Venezuela Unrest: Death toll in violent protests rises to 34
The death toll in the Venezuelan protests increased to 34 after another young man was killed in Caracas on Wednesday amid escalating tensions provoked by the government"s call for a rewrite of the constitution.
The death toll in the Venezuelan protests increased to 34 after another young man was killed in Caracas on Wednesday amid escalating tensions provoked by the government's call for a rewrite of the constitution.
Thousands of protesters made their ways to the Parliament in the west of the city and ended up clashing with security forces who have been blocking roads and dispersing the protest with tear gas and rubber bullets.
The violence escalated as a group of demonstrators began throwing stones and Molotov cocktails at the tanks and officers from the Bolivarian National Police (PNB) and the Bolivarian National Guard (GNB).
The confrontation lead to the death of a young man, who was shot in the neck, according to Interior Minister Nestor Reverol, who did not provide more details about the suspected assailants.
Authorities also said that more than 180 people were injured, including six Venezuelan members of Parliament.
The opposition alliance, Democratic Unity Roundtable (MUD), said the opposition MP's Julio Montoya, Gaby Arellano, Miguel Pizarro, Ivlev Silva, Williams Davila and Parliament vice-president Freddy Guevara were among those injured.
The opposition further explained that Guevara and Montoya were injured by the impact of tear gas canisters but both of them are now under medical attention and safe.
The opposition announced that it will remain in the streets until the constitutional order of the country is restored, which they claimed was disrupted when the Supreme Court assumed the functions of Parliament.
Although the measure was reversed within a few days, the opposition demanded that those judges who issued the ruling be dismissed. They also called for elections for all public posts, including the president.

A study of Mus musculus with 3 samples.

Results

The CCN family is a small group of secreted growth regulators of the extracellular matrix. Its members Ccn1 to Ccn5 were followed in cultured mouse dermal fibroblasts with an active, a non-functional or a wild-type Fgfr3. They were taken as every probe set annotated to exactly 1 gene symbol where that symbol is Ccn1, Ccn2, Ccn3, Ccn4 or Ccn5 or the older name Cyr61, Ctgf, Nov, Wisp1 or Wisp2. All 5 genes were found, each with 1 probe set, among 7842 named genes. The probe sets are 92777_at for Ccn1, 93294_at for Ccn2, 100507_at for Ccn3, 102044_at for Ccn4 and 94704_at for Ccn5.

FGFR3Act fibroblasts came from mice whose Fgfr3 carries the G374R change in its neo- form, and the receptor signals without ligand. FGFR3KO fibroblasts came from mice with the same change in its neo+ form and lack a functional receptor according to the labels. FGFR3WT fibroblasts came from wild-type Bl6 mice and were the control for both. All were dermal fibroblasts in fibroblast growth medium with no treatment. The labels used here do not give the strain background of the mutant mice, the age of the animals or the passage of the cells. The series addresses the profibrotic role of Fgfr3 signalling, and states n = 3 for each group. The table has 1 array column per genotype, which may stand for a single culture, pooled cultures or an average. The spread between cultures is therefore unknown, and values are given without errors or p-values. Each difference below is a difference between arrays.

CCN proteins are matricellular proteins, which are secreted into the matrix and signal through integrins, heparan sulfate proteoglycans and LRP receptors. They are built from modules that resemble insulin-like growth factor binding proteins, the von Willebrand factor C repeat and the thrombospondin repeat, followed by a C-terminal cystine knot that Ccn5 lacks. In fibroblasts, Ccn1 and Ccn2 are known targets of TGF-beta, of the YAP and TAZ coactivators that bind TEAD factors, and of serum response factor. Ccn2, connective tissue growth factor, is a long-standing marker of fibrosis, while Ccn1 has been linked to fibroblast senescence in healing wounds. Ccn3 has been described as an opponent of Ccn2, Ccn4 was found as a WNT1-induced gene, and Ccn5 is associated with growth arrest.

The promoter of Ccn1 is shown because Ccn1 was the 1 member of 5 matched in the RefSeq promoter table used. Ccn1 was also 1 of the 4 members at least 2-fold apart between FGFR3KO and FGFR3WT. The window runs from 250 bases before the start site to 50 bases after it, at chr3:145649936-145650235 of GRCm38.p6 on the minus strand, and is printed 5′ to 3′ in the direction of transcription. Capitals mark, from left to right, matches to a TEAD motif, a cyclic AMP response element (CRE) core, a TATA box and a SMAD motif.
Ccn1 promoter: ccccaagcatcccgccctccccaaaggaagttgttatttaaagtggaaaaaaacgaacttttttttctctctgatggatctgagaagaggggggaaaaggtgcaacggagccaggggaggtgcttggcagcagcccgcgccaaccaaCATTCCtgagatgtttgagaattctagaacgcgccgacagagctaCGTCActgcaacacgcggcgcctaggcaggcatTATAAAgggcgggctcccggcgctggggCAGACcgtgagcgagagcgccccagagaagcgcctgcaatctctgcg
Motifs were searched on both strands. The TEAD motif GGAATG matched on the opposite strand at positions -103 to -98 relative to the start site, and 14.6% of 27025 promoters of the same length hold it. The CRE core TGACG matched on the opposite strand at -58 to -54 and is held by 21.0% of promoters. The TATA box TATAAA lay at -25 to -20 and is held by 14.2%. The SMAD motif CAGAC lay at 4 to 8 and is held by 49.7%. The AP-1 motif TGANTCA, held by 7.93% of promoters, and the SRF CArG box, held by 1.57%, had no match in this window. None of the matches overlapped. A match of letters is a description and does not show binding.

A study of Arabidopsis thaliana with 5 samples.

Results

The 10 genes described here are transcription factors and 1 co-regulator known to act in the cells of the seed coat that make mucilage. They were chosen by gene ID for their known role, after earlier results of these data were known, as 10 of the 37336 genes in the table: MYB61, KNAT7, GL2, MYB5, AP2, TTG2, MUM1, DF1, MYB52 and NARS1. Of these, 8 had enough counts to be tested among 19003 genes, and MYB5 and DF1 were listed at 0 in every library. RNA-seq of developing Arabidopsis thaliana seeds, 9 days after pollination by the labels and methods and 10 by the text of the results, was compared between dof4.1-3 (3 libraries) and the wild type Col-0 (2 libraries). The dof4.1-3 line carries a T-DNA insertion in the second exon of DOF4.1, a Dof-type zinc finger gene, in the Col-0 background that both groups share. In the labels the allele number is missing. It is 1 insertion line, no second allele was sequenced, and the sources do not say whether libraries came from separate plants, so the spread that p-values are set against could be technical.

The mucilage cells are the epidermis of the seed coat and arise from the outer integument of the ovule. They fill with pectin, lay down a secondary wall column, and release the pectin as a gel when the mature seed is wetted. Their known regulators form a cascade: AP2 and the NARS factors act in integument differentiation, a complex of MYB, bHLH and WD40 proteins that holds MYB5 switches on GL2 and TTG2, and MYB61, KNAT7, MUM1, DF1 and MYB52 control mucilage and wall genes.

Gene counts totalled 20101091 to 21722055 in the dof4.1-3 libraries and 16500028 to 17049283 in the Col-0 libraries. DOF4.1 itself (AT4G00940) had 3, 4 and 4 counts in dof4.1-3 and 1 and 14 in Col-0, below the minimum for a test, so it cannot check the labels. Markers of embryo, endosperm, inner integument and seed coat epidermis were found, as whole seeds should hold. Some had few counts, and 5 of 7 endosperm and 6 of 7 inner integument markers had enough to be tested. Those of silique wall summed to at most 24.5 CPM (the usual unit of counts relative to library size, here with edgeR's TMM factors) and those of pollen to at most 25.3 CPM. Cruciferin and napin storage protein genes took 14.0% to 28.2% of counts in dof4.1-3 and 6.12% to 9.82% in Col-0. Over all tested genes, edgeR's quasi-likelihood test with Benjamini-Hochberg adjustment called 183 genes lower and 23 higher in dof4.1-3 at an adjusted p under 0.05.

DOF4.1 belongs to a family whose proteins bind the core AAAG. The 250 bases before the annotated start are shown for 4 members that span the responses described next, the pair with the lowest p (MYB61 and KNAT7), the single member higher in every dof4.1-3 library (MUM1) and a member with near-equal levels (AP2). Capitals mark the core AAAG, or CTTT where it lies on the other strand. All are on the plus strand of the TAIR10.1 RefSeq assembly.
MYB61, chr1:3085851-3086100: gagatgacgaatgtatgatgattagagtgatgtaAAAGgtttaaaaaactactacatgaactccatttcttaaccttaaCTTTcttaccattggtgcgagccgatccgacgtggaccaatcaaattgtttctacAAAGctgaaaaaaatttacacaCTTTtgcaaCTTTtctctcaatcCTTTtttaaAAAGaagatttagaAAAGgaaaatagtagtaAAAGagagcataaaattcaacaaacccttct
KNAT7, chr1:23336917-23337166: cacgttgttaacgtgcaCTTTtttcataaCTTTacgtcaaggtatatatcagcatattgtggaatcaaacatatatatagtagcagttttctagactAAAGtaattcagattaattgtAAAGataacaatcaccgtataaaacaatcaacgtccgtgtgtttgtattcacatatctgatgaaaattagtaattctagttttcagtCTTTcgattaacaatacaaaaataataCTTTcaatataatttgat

Venezuelan President Nicolas Maduro's initiative to elect a Constituent Assembly to reform the country's constitution has been badly received by the opposition who claimed it is another attempt by the executive to hold onto power.
The proposal, which was legalized in the National Electoral Council on Wednesday by Maduro himself, has given new reasons for opponents to protest in the streets.
The Student Movement, which gathers opposition students from the largest and most important universities in the country, announced a round of new demonstrations in all educational institutions.
Maduro responded to the violence caused during and after the protests, saying that an "armed insurgency" against the Republic has emerged since the opposition began to demonstrate and that he has given the order to search for these armed groups that he claimed have risen against the people.
In his speech, Maduro said that the country is heading towards "a coup" and that they are trying to defeat him, although he added that "much remains to be done."
Maduro also blamed the president of the parliament, the opposition leader Julio Borges, for the "crimes" and the acts of violence happening in the country.
The "original constituent power" to convene a constitutional assembly was announced by the president Monday as the only alternative to achieve peace and control the "coup".
The Venezuelan president made this move after a month of anti-government protests during which the opposition was calling for regional elections, the release of political prisoners and the opening of a humanitarian channel to let food and medicines enter the country.